County moving forward with strategic planning
Published 10:24 pm Monday, March 7, 2022
The Beaufort County Commissioners voted Monday to move forward with the process of developing a strategic plan for the county. The North Carolina Association of County Commissioners will facilitate that process at no initial cost to the county.
The commissioners have been discussing putting together a strategic plan in order to properly outline the county’s short- and long-term plans while providing their municipalities with a tool to keep track of and join in on those plans.
“I think it’s important, again, as we’ve said before, that we’ve got to have a roadmap to our future,” Commissioner John Rebholz said Monday. “Otherwise we’re wandering all over the place and we’re not accomplishing things for the people of this county.”
“With all due respect, Commissioner Rebholz, we got here without a roadmap,” Commissioner Hood Richardson responded. “And we’ve come a long way and done a lot of —“
“We’ve lost 1,800 jobs in the last 10 years, and 3,000 people,” Rebholz interrupted.
“Was that the commissioners’ fault?” Richardson asked. “Was it?”
“Could be,” Rebholz responded.
“You think it is,” Richardson said. “You have a very liberal view of government. I don’t know why we need a strategic plan with all the money that’s being dumped on us, solving every problem that anybody could ever conceive of. Why do we need a strategic plan?
“So you know where to put the money you’re receiving,” Rebholz responded. “And what to spend it on. There’s all kinds of needs.”
Rebholz used potential upgrades to the county’s water system as an example.
“If we don’t know that type of information, you’re not gonna be ready when it happens,” Rebholz said.
“Let’s talk about some of those needs,” Richardson said. “Nobody wants to talk about a better library system in the county. There’s a couple of other things that we put up under these funds that now apparently can be funded with these (federal) funds.”
The final rule on permitted use of federal COVID-19 relief funds was published earlier this year. With those rules now finalized, Richardson suggested that the commissioners revisit how they want to utilize approximately $9 million in funding.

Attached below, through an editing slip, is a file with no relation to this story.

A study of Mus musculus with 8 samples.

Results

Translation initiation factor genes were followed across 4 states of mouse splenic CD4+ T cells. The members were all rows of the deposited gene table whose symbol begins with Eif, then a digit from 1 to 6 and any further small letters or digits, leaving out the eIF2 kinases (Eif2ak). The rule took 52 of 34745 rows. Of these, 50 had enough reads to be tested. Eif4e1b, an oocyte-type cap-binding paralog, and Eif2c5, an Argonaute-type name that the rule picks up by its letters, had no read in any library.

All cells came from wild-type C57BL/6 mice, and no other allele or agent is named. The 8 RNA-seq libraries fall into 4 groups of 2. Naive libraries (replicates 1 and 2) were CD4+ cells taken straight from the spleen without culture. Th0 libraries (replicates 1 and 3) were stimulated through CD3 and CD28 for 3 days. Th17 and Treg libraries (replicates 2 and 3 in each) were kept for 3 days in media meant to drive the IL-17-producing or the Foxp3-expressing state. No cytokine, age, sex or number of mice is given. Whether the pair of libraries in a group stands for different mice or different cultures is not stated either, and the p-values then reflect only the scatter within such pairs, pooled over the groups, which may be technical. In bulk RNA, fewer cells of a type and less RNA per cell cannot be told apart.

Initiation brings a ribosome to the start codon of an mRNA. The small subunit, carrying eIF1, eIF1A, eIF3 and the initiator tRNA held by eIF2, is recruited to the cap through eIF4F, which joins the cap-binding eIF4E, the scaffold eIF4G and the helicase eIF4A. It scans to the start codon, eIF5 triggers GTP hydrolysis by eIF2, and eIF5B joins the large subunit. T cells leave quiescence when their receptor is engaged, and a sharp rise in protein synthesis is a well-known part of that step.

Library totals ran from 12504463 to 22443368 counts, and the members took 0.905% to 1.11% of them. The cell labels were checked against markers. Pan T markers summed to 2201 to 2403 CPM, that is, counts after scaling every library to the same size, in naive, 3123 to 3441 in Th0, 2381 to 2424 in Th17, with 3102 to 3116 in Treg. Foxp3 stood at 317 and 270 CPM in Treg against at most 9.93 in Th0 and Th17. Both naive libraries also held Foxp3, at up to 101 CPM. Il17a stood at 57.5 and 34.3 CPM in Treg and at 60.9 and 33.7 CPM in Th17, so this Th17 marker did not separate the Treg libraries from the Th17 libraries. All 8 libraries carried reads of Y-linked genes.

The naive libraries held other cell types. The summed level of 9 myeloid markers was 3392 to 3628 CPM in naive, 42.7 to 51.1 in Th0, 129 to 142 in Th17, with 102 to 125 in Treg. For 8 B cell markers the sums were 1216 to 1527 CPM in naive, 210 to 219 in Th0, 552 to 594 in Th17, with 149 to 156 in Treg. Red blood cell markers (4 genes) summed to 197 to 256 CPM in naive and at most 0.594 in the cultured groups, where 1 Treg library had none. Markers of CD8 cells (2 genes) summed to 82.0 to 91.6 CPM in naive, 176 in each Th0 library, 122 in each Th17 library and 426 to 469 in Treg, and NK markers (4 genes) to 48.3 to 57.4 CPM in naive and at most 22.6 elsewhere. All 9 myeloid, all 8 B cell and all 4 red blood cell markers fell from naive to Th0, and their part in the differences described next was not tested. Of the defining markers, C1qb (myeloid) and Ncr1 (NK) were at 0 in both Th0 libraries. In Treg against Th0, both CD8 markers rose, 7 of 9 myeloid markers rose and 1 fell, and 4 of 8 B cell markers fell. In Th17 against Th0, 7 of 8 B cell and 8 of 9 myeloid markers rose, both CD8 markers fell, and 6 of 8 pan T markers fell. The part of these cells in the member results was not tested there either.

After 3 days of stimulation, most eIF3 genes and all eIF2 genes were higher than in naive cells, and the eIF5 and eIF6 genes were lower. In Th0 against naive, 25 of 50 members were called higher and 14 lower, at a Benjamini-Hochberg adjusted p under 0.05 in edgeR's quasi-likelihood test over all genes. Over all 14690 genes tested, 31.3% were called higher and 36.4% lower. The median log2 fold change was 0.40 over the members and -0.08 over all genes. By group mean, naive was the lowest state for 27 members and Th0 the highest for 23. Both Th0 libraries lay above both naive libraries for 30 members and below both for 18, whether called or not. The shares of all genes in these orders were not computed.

Chairman Frankie Waters said he and several other commissioners and other county officials recently attended an event at East Carolina University in which economic development was a point of discussion.
“This is one of the things that we’re competing with in other counties,” Waters said. “People that do have a plan; they know who they want to attract and how they can create jobs.
Waters said a strategic plan could help the board become “unified” on topics, specifically in terms of which industries they want to focus on for development.
“That all comes with having some guidance and sitting in a room and trying to say where you want Beaufort County to go in the future,” Waters said.
“All those years that I spent in industries, with people telling me, ‘stay away from government, they’re your enemy,’ and now that I’m over in government and I hear people in government telling me that the government was running things all the time and they’re supposed to be making all these decisions for us in the future — it’s scary, and the public needs to wake up,” Richardson said.
“One of the things all of us have to realize is, if you plan to build a house, what do you do? Plan,” Commissioner Jerry Langley said. “If you decide to improve on anything, what do you do? Plan. You cannot accomplish anything without planning.
“It even comes down to your normal household’s budget,” Langley added. “You plan your household’s budget. So it is extremely important that you have a plan. And that’s what we need.”
“Well, government has assumed the right to do this planning for us for our future without our permission,” Richardson said. “The board needs to also keep in mind that government-private partnerships are a form of fascism.”
The commissioners voted 5-2 in favor of moving forward with the strategic plan, with Richardson and Stan Deatherage dissenting.